Today I activated Granite Chief, 9005 ft (2745m) at the edge of Squaw Valley ski area in California. I took the highest lift to 8610ft and carried my skis and radio gear the remaining 400ft in the snow to the summit. My rig ended up sitting on the USGS brass plate embedded in a handy rock! According to the rules, I seem to have been independent of motorised transport for my “final access”, and indeed the huffing and puffing I exhibited certainly seemed to be in the spirit of SOTA! But what if the lift goes to the summit? Do I need to descend a certain amount of vertical height and walk back up again? What should that height be?

By the way, 20m wasn’t great, thanks to audio problems with my new FT857D, but 2m simplex was great - my 3el yagi at 9000ft seemed to be heard all over northern California!

In reply to NZ6J:

Hello Rob,

Well done on the climb in the snow.

I have not looked at the US rules, but based on the General SOTA rules, you could take the lift to the top, then descend to at least 25 m (a bit over 82 feet) vertically below the summit, then climb back up into the activation zone prior to assembling the station and starting to make contacts. By skiing or walking down out of the activation zone with the gear, and then climbing back into the activation zone, your final approach has been by non-motorised means.

If the lift finishes on the summit, it might be wise to set up the station a little away from the summit but still in the activation zone, away from the paths of the skiers - safer for you and them!

I trust that I am correct in my interpretation…


Peter VK3PF

In reply to VK3PF:

Thanks Peter for the quick reply. There are a couple more unactivated summits in ski areas here, so the clarification is timely.



In reply to NZ6J:

The only relevant rule is “The method of final access to the summit must be non-motorised.” But many people look at rule “All SOTA operations are expected to be conducted in the spirit of the programme.” and decide that to be in the spirit of the programme they should descend to the limit of the activation zone and re-ascend to their selected activation position. This is fair enough. However, it is recognised that a selection of easy summits is a useful thing to have so that unfit and disabled hams can take some part in SOTA, so the rule is deliberately left a little vague. You do what you can.


Brian G8ADD

PS I’m sorry to hear that you have audio problems with your FT-857. If it is a setting-up problem you may find some useful information in a recent thread “FT-857 users please.”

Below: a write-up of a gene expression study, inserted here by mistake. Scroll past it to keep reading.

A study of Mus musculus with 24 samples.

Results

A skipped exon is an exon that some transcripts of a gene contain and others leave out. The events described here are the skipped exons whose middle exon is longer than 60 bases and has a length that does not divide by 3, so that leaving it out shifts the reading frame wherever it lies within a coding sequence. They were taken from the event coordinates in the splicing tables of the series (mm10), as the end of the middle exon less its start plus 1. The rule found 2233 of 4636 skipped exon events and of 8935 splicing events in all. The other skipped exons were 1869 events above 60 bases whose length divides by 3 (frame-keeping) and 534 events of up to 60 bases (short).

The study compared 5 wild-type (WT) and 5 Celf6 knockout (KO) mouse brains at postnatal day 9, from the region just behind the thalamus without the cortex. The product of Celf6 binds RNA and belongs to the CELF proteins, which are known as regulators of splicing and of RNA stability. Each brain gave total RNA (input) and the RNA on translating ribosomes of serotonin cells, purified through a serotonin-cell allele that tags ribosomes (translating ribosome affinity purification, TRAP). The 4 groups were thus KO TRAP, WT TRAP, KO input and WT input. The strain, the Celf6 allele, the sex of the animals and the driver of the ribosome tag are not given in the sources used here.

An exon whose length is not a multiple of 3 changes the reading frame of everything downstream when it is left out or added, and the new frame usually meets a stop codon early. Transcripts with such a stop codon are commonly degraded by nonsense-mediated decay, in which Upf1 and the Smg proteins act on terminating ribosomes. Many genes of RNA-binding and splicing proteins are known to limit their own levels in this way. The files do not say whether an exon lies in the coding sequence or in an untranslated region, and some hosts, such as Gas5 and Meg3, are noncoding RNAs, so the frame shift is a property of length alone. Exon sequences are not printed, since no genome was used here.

In reply to NZ6J:

I ended up having to use the technique that Brian described when I activated Scott Peak yesterday at the Alpine Meadows ski resort.

They had ‘area closed’ signs blocking the route up to the peak from the top of the Scott Chair lift, so I had to ski back down and take the Lakeview lift up instead. I then discovered that Scott Peak is actually outside the ski area boundary. I was already inside the activation zone at this point, so I skied down a bit, hiked back up, and ended up operating right on the ski area boundary with a great view of Lake Tahoe. The rest of the story is here:


and my photos are here:


I think we’ll have to do the same thing when we activate Mt. Lincoln, as Sugar Bowl’s lift goes all the way to the summit.


Eric KU6J


Hi Eric,

Nice photos. While the ascend method you used is prefectly fine I should mention an other way that I usually use myself. Namely alpine touring skis that can be used to ascend the slope from the bottom of the valley. This is good if you are looking for a little longer endurance exercise in addition to the SOTA activation. See for example the wiki on ski touring

73, Jaakko OH7BF/F5VGL

In reply to F5VGL:

A perfect ski for hiking and descending:

Altai skis: http://www.altaiskis.com/blog/products/the-hok/

In reply to NZ6J:

Some ski areas in Oregon and Washington have explicit policies regarding uphill travel - others ski areas may as well. Uphill travel or hiking includes skinning or cross country skiing as well as climbing and snowshoeing. Some areas restrict uphill travel completely while others accommodate it with designated routes and time restrictions. The basic arguments revolve around safety as uphill travelers could have conflicts with downhill skiers and also be on slopes where and when grooming equipment is operating or when avalanche control is being conducted. These uphill travel restrictions are in addition to what ski areas do to restrict out of bounds skiing.

I suppose, in the “spirit of SOTA,” being aware of and adhering to the policies of ski areas should be considered when activating a peak within or accessed through a ski area.

Etienne, K7ATN

In reply to K7ATN:

Hi Etienne

It’s interesting to hear about these sorts of restrictions. Being a bit of a free spirit I would make sure that I was many miles from any such places!

I do once recall ending a winter mountaineering trip by dropping off a summit into a ski resort. The change in environment from pristine wilderness to the chutzpah of a ski resort was enough to put me off downhill skiing for life. Cross-country skiing I enjoy, downhill’s not for me.

For me my test of what is right or wrong is to consider could I honestly say to a friend that I had climbed the hill in question. If not, for me that would not be a valid ascent.